Theatre music is legacy of Maharashtra, which is still alive: Varsha Bhave

MUMBAI: Hailing from a family, whose roots of music belong to the pre-independent era, Varsha Bhave is a renowned name in the theatre music space. Through her expertise, Varsha wants to promote the theatre music legacy of Maharashtra, which needs attention. She also owns Kalangan institute that imparts musical training to kids from the age of three. 

The artist recently performed at NCPA’s Natyavividha: An Evening of Marathi Theatre Music, with fellow singers, Avanti Patel, Ketaki Bhave-Joshi, Shrirang Bhave and Dhananjay Mhaskar. The show and its music was created by Bhave herself.

In an exclusive interview with Radioandmusic, Varsha Bhave talks about Natyavividha, theatre music and drama and her hobby of teaching music to kids that led to her developing the Kalangan institute.

Tell us about Natyavividha: An Evening of Marathi Theatre Music? How did this idea click?

This concept came into my head because our Marathi theatre music has a lot of variety that needs to be showcased to the audience. It comprises of classical singing genres like bandish, lavani, thumri and abhangs. There are a variety of songs, sung for different situations in a drama. For example, dramas like Katiyar and Mandarmaala has bandish, Swarasamaratani has lavani, some dramas have bhavageet, lokgeet etc. Thus,  we have involved various songs in our theatre drama, hence I thought of presenting them through an event.

Which forms of music are used in theatre drama? 

Theatre music has two important companions, an organ, and tabla will be taken care of by Mandar Kundale. Its history dates back to 1843, with Sita Swayamvar being the first Marathi drama, presented by Vishnudas Bhave. After this, many musical dramas were performed that initially focussed on folklore. But, later, social issues also, started getting a place in the drama space.

Earlier, musical drama was a performance, whose story was told through music. But, in the later ages, music became an inseparable part of theatre drama and famous dramas like Katiyar Kaljatli are its best example. Others like Mandarmala also have music as a concept, but Saubhadra, Swayamvar didn’t have music as a subject, else had fervour of creating a mehfil. Initially, the duration of these dramas was long and lasted for the whole night. But, today, both, time and amount of dramas has lessened. But, theatre music is a legacy of Maharashtra, which is still alive.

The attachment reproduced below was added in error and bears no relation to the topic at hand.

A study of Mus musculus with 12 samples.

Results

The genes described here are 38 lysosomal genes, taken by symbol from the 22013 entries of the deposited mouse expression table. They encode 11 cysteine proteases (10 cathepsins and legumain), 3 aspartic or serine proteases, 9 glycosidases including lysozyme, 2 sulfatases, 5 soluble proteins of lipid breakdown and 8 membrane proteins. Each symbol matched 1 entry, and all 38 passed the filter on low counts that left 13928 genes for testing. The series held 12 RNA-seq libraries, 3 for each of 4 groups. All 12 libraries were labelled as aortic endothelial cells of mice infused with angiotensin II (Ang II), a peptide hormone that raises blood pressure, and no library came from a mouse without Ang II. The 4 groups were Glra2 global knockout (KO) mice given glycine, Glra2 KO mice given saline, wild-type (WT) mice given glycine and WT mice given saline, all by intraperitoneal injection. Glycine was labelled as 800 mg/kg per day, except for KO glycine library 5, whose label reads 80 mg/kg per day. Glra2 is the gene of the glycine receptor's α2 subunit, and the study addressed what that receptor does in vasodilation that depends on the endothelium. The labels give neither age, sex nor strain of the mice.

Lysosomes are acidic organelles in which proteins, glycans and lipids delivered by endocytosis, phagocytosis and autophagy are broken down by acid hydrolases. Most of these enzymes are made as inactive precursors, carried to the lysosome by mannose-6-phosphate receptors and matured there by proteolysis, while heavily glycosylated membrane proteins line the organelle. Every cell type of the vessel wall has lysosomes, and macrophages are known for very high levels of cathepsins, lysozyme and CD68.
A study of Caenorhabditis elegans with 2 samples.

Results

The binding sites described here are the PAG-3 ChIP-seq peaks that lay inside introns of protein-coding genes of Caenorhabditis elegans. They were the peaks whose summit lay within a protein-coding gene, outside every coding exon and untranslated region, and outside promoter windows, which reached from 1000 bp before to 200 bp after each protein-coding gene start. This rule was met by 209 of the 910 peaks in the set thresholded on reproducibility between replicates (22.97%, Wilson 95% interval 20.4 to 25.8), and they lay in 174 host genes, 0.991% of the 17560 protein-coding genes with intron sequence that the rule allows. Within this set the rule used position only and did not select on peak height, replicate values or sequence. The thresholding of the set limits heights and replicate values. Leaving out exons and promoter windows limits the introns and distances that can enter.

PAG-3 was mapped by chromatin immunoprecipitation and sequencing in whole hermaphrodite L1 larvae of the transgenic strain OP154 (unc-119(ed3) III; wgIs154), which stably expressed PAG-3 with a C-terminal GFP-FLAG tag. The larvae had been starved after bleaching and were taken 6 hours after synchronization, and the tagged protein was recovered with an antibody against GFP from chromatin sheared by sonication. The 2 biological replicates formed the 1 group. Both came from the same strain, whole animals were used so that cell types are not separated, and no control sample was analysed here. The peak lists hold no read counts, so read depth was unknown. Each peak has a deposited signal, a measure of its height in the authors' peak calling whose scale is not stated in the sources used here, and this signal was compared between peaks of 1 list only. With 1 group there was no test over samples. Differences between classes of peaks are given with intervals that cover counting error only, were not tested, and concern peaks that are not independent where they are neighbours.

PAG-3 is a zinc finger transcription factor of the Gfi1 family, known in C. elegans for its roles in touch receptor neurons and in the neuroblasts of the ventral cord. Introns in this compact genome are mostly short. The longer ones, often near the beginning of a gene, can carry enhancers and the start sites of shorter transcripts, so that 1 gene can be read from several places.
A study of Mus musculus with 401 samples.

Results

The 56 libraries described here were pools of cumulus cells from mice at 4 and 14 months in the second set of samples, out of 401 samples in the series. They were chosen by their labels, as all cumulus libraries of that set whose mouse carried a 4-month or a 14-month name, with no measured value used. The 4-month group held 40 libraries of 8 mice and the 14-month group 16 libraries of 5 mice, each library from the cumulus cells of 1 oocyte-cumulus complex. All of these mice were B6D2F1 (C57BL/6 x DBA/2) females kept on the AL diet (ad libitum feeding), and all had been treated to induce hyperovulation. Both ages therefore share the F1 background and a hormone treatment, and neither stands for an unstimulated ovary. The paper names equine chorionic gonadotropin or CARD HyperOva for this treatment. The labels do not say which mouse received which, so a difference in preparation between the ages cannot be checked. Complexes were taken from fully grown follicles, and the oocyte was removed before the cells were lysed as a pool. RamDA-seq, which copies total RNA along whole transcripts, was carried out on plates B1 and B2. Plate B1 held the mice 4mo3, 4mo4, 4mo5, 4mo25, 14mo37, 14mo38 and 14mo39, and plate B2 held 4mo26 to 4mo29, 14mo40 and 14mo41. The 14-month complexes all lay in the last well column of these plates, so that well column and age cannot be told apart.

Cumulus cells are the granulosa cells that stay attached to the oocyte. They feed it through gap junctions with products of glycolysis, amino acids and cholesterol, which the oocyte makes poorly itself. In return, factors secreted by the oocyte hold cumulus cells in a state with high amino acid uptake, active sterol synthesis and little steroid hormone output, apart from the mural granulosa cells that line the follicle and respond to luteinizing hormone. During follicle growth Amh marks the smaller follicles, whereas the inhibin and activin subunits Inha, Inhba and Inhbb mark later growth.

The tradition of Marathi theatre music needs attention. How do you think, you and other artists can contribute to preserving this legacy?

Yes, we need to preserve this legacy by presenting small or big dramas based on theatre music. This will keep this form of art, alive amid people as well as today’s generation will know about it.

What are your upcoming programs? 

I am happy to tell that on 15 August, people will have a good opportunity to know what theatre music is, through our show, Cheeranjeev Sau Ka Rangbhoomi. The entire history of drama will be presented in it. While the first half will have details about music drama, the latter part will compromise of different types of dramas. You can say that the stage will be the narrator at the event, which will be presented by Natyasampada Manch. The event will be held at Dinanath Mangeshkar hall. Apart from this, other drama events are also in the pipeline.

What led you to choose this profession?

My grandmother, Indirabai Khadilkar was a renowned singer of old times. Also, my great grandfather Natyacharya Khrushnaji Prabhakar Khadilkar has worked with Tirtha and written a lot of dramas like Bal Gandharva. Also, the environment at my home was always musical, owing to which, I started learning singing from a very small age. But, when I was an adult, I realized that I like to teach children. Hence, I started my institute called Kalangan. Now, I teach theatre music as well as present events.

What is Kalangan institute's course curriculum?

My institute Kalangan is situated in Dadar at Shivaji Park. Kids from the age group of three attend my Kalangan institute, which is not the scene at other organizations. But, according to me, this age of children is like a blotting paper, when they learn with great enthusiasm. Thus, the age group from three to six is a sensitive time from the point of learning.

When it comes to the courses, I have designed different courses for the age group of three, five, seven and nine years respectively. Having the duration of one and a half to two years, the course comprises of everything that kids love, except Bollywood.

It has Balgeet, songs on animals, doll songs, melodious songs and dhamaal. We also have drawing and Marathi writing. Our aim is to focus on Marathi because kids, today, study in English medium, but making them acquainted with their mother tongue is a must. After completion of these four years, kids then learn classical singing, for which, I have government approved courses. My students teach at my institute. I have many students, who have learned from me for about 15 years.

Tell us about the music direction done by you?

I have done music direction in experimental dramas for various competitions. I have also won prizes, for the same, in various Marathi competitions. But for Sau Ka Rang Bhoomi, I will be giving professional theatre music for it.